Reminiscing in Tempo: Memories and Opinion/Volume Seven: What do you recall about the first live music performance you ever attended?

September 12th, 2006

 

 

Memories of four Jerry Jazz Musician subscribers


The deal was that I would take the Muni bus to the concert and that at exactly 12 midnight, my mother would be out in front of the Fillmore West on Market Street to pick me up. 12 midnight was quite a negotiated deal, since it involved convincing my mother that unlike the Symphony, nothing interesting started to happen until 10 pm. Under pain of death I had to be on the street at 12 midnight.

I don’t recall the first groups (Mongo Santamaria may have been one), but when B.B. King came onto the stage, with that bright red Gibson ES-345 and Fender Twin Reverb, backed up by Sonny Freeman on drums and Duke Jethro and Bobby Forte (“Valentino the 12th” as B.B. King introduced him, mysteriously to me) and the other members of his regular, great touring band, I wormed my way through the crowd until I was at the foot of the stage and that Twin Reverb was right in my face. There I stayed as musicians from the local scene arrived to show homage to the King of the Blues Guitar. At midnight, Carlos Santana and Elvin Bishop were on the stage, and I had to leave. The next day in Ralph Gleason’s column in the San Francisco Chronicle, I read that the concert went on until 5 am.

However, a deal is a deal, so down I went to a foggy, cold Market Street at midnight, and there was my mother, blocking traffic, parked where no parking was allowed, in her V8 Oldsmobile, not giving a rip about people honking at her, since after all she was waiting for her baby, and that was that. I was surprised at how cheerful she was when I got in the car, since it was midnight after all, but her first comment to me was: “What a lovely group of people that was at your concert!” I didn’t realize what she meant until years later: at midnight many of the middle-aged African-American concert-goers, dressed in suits and ties and dresses, carrying folding chairs (since the Fillmore West was “festival seating”, i.e., no seats other than the floor), were leaving at the same time that I was. Years later I realized that most of the people leaving the Fillmore West when I was were around my mother’s age, dressed nicely, etc. No drugs, no booze, no crazy hippies — just reasonable-looking people who enjoyed a kind of music that my mother had no conception of whatsoever, and would never listen to and couldn’t recognize, but was willing to allow her 15 year old son to go to alone, because she understood that kids liked music and a deal’s a deal.



 


The first LIVE music performance I can recall took place when I was but a little twirp. I went to Birdland in Manhattan to hear the Hi-Los and became FASCINATED beyond belief by their accompanist, Clare Fischer. I’d never heard ANYONE ever play like that before.

I spent the next day experimenting with voicings until I found remnants of the SOUND that IS Clare Fischer. This affected my entire life because that SOUND became an integral part of my playing and eventually my writing. Of course, I did not become a counterfeiter of Clare’s. Instead, it became the inspiration to continue experimenting with voicings, reharmonizations, etc., leading to a larger harmonic ‘vocabulary’ than I had before.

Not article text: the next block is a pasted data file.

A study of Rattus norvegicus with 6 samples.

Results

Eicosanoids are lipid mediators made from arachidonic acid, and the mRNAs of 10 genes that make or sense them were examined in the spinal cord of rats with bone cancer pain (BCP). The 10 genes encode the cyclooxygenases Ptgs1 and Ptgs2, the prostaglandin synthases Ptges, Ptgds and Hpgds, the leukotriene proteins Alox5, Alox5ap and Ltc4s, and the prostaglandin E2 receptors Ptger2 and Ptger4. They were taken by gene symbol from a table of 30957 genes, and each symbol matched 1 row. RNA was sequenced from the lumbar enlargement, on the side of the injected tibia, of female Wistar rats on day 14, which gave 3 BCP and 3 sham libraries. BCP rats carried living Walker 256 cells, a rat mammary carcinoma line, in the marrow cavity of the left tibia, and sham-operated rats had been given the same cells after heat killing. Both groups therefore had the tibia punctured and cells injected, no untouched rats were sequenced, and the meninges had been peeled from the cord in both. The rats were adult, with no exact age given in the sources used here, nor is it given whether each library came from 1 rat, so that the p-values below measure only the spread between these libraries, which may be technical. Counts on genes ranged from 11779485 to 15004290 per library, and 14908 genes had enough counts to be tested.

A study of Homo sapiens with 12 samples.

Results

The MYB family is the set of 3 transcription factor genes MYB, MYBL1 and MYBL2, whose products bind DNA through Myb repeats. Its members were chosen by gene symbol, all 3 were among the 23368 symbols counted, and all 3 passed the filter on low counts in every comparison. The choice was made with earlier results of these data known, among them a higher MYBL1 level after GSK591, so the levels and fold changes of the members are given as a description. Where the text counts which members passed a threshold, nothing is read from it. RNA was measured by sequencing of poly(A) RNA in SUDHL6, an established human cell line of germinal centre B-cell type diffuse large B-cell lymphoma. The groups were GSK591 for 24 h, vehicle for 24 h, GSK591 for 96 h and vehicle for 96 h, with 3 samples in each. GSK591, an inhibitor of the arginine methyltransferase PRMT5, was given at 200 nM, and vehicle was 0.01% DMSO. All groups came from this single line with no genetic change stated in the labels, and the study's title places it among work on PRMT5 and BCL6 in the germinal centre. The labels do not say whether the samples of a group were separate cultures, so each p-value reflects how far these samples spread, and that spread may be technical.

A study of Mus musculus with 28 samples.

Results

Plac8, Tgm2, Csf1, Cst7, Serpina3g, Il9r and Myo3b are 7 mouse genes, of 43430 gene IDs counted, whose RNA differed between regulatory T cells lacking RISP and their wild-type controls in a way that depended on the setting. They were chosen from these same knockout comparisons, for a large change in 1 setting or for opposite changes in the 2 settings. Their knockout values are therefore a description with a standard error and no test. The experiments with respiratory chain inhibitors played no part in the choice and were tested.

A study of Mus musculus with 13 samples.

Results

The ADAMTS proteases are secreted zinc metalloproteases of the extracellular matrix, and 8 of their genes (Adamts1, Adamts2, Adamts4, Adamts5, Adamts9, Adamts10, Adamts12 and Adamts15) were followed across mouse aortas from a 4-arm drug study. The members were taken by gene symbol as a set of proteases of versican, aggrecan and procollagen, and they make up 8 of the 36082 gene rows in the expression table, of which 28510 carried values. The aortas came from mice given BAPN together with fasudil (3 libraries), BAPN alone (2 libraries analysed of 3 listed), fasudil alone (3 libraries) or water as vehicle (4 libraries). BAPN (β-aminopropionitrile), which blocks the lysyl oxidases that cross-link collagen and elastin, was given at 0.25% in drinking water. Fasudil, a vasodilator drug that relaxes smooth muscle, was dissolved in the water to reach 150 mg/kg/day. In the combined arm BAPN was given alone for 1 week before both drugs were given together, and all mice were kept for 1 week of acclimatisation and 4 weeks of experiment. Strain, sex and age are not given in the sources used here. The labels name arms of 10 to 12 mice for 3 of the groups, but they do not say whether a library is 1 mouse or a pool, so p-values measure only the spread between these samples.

When I bought my ticket to attend the jazz concert which would be held the next evening, I did so with my pocket money, without telling my parents because I was fearing they wouldn’t let me go. I was 14. During the show there were several jazz groups, one after the other, some very known names for me, others not. When it was half past midnight I looked to my watch and said to myself: “I’m not going home, I’ll stay until the end !” And that’s what I did, although always fearing my parents attitude when I would finally get home. After the concert ended I walked to a bus stop and waited a very long time for a bus to show up and take me home (I was 14 and no car of course). When I was approaching my building at 4 AM I saw my father walking in circles on a terrace we had, and I thought to myself: “Oh, oh, I’ll be in trouble soon…”

I finally got home and the first thing my father did was to shout at me madly, in despair, telling me not to do that again, etc.

I went to bed as the most happiest fellow in the world, filled with the most beautiful sounds my ears could grasp and, infected with the jazz virus until the present date!

 


I was born in 1927 in Montreal, Canada, a contemporary (and early fan) of Maynard [Ferguson] and Oscar [Peterson]. The first live performance that I remember, and probably the first I attended, was a big band concert at the Snowdon Theatre during WWII by the Montreal High School Victory Serenaders, led by one Percy Ferguson. What was so special? Well, in the trumpet section was little brother Maynard — a very young teenager — even then playing those stratospheric sounds that made him so famous . And, at the piano, Oscar Peterson!

Several years later, on an afternoon during the Christmas season, I was at the Alberta Lounge in Montreal, home base for the Oscar Peterson Trio. At the time, Maynard had been playing in the US with Boyd Raeburn’s band . Home for the holidays, he paid a surprise visit to the lounge and sat in. The word spread. You could not move in the Alberta. The music was unforgettable.

Seems to me that I grew up in exactly the right place at the right time.